Bart, the resident of this New York City house, loves to cook, but in his old home, that often meant spending a few hours alone in the kitchen, away from his family. So when he and his wife, Regina, purchased a 2,200-square-foot apartment in 2013, they knew they wanted an open floor plan. The block-long, cast-iron building was built in 1887, and while original details remained, the apartment had recently been subjected to rather bland renovations. The couple called on Jane Stageberg of Bade Stageberg Cox (BSC) to help them design a home to meet the needs of a modern family while paying tribute to the building’s history.
Just because you start having kids doesn’t mean you have to pack up for the suburbs. For proof, look to this recent apartment renovation in Melbourne’s central business district by Clare Cousins Architects. The firm smartly (and inexpensively) reimagined an 800-square-foot apartment to provide more than enough space for a young couple expecting their first child.
For the renovation of a top-floor apartment on Via Mecenate in Rome, the architects at SCAPE took a transformative approach, stripping the space of its Art Deco details and inserting custom millwork and a minimalist wood stairwell volume.
This single-room apartment is located at the rear of a historic multi-unit building in Manhattan's West Village. Architect Joel Sanders made the space multi-functional; here it's shown as a living room, for relaxing or entertaining friends.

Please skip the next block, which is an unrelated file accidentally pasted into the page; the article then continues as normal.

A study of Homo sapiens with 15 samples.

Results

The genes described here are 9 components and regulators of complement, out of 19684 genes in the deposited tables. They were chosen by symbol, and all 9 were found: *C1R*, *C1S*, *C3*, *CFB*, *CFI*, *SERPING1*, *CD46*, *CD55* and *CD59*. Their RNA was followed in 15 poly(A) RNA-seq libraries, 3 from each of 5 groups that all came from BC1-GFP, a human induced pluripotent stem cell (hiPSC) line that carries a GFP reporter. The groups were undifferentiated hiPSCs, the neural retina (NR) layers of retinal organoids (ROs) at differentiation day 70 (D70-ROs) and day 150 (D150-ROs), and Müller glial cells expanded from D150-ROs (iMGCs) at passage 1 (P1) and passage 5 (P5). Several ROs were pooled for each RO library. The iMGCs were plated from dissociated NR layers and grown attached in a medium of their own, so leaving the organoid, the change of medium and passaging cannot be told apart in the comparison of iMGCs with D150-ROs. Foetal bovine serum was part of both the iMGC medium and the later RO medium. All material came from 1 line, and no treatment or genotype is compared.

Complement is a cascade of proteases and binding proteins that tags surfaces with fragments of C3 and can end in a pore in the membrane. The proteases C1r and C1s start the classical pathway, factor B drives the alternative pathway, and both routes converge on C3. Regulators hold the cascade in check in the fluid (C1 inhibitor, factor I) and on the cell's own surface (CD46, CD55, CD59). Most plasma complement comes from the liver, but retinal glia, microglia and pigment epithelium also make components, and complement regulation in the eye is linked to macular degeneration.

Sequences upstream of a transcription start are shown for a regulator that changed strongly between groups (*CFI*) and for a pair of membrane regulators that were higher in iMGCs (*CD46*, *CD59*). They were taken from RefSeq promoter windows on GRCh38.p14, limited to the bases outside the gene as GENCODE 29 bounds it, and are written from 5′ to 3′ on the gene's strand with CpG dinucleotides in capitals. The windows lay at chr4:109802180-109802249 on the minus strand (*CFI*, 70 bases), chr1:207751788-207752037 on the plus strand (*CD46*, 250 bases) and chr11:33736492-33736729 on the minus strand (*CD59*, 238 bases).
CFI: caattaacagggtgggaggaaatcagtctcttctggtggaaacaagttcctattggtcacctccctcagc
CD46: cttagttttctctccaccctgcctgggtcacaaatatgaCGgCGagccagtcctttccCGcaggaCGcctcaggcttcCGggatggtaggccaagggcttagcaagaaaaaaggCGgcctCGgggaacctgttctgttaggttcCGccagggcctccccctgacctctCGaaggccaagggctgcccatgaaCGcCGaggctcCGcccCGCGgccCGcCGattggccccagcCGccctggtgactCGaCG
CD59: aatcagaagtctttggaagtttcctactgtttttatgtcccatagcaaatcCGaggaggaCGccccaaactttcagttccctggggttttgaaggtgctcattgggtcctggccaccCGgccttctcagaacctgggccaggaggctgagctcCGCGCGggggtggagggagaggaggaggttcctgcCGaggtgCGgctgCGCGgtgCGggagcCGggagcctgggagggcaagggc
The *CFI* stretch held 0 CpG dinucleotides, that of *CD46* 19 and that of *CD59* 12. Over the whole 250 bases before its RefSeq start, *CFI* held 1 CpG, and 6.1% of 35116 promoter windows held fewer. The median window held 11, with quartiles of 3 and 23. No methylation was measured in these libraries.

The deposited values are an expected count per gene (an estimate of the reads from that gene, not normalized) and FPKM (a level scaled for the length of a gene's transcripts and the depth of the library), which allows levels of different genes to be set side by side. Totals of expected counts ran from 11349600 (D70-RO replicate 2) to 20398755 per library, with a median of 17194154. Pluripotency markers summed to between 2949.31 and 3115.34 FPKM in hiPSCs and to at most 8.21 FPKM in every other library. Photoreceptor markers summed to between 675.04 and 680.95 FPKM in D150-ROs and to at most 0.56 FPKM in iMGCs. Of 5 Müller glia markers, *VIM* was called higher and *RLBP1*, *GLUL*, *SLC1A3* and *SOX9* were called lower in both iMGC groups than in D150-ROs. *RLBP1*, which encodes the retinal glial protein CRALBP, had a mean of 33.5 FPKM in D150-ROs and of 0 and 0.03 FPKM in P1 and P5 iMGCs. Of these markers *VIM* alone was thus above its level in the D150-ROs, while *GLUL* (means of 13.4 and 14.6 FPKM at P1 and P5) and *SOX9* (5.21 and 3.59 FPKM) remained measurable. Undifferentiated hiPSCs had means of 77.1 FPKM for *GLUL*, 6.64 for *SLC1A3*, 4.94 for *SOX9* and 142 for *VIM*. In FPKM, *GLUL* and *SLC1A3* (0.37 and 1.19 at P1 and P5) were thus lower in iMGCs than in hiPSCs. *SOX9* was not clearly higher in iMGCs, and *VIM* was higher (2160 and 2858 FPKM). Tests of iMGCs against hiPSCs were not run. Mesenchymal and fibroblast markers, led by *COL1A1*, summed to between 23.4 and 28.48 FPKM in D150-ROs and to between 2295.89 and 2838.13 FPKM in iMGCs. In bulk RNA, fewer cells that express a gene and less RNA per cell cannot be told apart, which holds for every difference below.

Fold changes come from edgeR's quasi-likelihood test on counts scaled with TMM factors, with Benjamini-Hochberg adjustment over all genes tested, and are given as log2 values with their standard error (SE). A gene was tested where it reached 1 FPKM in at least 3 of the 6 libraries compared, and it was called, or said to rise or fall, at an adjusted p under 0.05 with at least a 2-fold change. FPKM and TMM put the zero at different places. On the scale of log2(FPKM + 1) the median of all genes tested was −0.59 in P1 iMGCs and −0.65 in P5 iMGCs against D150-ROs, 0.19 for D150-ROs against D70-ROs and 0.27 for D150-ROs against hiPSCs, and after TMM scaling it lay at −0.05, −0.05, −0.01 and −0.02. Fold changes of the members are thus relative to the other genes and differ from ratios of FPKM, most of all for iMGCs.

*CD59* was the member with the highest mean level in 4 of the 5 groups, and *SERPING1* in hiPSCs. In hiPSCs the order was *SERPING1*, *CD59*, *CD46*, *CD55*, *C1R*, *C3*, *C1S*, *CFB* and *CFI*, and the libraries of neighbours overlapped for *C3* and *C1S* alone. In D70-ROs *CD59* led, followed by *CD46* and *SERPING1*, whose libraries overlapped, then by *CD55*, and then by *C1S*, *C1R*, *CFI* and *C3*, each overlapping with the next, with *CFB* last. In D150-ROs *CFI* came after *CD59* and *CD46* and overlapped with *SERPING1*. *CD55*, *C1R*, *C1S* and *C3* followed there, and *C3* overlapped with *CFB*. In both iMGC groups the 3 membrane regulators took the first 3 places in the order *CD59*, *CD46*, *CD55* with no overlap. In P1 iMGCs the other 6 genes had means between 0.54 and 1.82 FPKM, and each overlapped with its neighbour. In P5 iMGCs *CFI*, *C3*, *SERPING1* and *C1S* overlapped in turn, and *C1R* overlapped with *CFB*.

In Vienna, a dazzling penthouse by Delugan Meissl has boldly inserted itself between traditional rooftops of the city’s Wieden district like a recently landed alien intruder.
Sometimes great potential hides beneath a home’s previous unflattering renovations. That was the case with the early-20th-century flat in the historic Lisbon neighbourhood of Mouraria that José Andrade Rocha recently remodeled. “It had lost its soul over the years,” the architect explains. He brought the 592-square-foot apartment back to life by restoring its original materials, strengthening its relationship with the street, and defining its public and private spaces.
Set atop a 1908 warehouse in the Courtenay Precinct of Wellington, New Zealand, three contemporary apartments by Architecture Workshop glow like lanterns at dusk, signaling a new day for this once-seedy neighborhood.